A financially strapped wildlife rescue in Palo Alto is seeking to merge with the Peninsula Humane Society and SPCA, officials at both organizations confirmed.
Wildlife Rescue Inc. members will vote on the merger Nov. 7, said WRI Board Vice President Michelle Johnson Cobb. A simple majority of at least 5 percent of voting members would approve the merger.
The 33-year-old WRI has been in dire financial straights since 2005 when state budget cuts caused city governments to slash their funding for nonessential services.
Mountain View pulled its funding to WRI entirely, and Los Altos Hills cut its support by 75 percent, to $3,000 a year. Palo Alto also pulled the majority of its funding, but continues to pay the lease on WRI’s small wildlife rehabilitation clinic at the site of the former Cubberley High School.
With an operating budget of $200,000 and only two paid staff members, several dozen volunteers care for sick and injured wildlife in home care facilities.
Cobb said that since announcing the organizations plans to its members in two letters earlier this month, she has received both positive and negative feedback about the move. Some longtime volunteers have urged WRI to explore other options, she said.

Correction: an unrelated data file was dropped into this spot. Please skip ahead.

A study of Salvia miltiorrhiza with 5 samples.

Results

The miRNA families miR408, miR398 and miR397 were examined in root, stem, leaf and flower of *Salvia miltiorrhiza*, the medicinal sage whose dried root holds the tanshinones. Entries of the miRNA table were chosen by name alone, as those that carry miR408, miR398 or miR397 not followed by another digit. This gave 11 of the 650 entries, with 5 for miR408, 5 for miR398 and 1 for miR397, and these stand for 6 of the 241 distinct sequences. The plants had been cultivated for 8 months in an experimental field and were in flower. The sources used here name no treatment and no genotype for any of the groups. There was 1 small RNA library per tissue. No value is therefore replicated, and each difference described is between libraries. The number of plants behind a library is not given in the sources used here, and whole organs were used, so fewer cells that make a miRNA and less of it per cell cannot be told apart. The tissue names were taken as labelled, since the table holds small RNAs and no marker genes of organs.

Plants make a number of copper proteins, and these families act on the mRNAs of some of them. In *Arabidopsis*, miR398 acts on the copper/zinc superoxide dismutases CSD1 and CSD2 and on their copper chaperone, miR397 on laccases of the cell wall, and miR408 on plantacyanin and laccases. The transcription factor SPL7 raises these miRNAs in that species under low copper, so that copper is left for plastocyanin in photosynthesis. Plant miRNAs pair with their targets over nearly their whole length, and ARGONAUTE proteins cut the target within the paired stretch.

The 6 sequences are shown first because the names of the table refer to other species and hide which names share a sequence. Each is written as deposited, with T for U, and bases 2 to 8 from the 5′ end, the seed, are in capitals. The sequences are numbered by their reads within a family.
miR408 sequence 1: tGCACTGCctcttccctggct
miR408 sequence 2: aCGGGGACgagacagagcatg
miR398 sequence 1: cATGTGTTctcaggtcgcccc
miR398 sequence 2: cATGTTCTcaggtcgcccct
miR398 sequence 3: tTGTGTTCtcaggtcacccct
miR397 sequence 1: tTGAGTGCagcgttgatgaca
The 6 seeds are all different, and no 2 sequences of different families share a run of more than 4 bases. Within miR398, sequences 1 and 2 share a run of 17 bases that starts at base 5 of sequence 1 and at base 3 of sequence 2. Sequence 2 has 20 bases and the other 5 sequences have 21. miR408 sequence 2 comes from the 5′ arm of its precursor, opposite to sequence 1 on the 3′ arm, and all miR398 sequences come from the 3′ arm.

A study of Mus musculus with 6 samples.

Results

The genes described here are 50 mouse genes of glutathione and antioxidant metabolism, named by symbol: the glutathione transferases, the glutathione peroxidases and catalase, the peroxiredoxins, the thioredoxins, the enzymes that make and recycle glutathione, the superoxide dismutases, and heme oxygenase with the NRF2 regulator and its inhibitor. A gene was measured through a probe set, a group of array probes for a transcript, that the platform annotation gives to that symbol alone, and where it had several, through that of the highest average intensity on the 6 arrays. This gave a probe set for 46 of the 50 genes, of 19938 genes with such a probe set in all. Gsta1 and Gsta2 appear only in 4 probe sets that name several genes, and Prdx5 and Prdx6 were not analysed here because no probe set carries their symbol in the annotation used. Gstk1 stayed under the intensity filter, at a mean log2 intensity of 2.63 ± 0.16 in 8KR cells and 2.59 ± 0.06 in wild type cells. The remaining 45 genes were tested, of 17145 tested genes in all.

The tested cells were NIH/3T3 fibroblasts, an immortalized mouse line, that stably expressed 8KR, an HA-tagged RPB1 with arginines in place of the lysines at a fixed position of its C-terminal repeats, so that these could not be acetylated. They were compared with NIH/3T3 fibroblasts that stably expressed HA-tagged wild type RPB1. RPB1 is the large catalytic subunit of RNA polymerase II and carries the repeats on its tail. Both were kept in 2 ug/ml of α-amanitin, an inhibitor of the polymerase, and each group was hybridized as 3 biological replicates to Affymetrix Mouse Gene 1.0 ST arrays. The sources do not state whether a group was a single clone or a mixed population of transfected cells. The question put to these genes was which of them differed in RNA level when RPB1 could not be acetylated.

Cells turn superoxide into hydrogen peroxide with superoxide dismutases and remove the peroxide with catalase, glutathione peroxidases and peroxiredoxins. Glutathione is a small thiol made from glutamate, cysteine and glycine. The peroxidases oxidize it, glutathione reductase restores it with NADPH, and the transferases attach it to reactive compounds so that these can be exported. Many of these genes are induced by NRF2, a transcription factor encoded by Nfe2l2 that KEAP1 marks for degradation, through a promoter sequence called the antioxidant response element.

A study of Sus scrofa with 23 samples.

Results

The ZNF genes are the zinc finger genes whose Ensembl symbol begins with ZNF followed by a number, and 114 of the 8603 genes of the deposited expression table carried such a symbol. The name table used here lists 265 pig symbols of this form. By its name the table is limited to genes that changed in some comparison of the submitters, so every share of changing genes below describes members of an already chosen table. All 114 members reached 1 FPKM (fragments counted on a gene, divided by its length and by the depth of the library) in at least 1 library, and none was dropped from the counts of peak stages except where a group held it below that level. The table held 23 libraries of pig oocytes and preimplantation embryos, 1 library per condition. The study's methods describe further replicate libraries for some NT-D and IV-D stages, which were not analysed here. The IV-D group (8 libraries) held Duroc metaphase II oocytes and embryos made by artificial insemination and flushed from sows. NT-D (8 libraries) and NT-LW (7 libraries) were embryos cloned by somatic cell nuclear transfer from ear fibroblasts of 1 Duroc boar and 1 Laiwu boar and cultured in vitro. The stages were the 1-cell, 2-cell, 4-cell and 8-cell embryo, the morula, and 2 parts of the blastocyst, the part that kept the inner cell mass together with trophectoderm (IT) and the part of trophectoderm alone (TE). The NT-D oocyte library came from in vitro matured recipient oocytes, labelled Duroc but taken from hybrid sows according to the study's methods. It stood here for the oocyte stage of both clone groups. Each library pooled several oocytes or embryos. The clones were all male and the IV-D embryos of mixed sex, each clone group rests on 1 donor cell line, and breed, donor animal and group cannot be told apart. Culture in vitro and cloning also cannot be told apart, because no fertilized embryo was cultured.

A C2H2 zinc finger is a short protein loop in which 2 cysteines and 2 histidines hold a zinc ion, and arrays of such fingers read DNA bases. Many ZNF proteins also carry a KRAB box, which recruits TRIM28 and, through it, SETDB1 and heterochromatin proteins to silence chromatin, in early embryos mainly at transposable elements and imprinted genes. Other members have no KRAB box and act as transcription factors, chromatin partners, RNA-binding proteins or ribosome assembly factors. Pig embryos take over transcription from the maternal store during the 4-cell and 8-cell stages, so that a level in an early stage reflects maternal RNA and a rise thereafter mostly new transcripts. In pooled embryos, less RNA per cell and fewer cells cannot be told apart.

Last year,WRI admitted nearly 1,800 injured or orphaned animals in Palo Alto, Los Altos, Los Altos Hills and Mountain View. The organization also provides education programs to about 4,000 children and adults each year.
Merging with PHS/SPCA is essential for continuing the mission, Cobb said. It was also a natural choice as the two organizations have worked well together over the years, and PHS/SPCA is one of the few humane societies that’s mission includes the care of wildlife as well as domesticated animals, she said.
The merger would change WRI’s name slightly to Wildlife Rescue: A program of the Peninsula Humane Society and SPCA. It would be up to PHS/SPCA to offer jobs to WRI’s two employees.
“It hasn’t been decided yet, but that’s something we’re open to,” said Scott Delucchi, spokesman for PHS/SPCA.
PHS/SPCA boasts an annual operating budget of nearly $9 million, 90 paid staff members and about 900 volunteers. It receives all of San Mateo County’s and many of San Francisco’s injured, sick and orphaned wildlife.
“Since our traditional boundary is East Palo Alto to the south, (merging with WRI) would really be an extension of what we already do,” Delucchi said.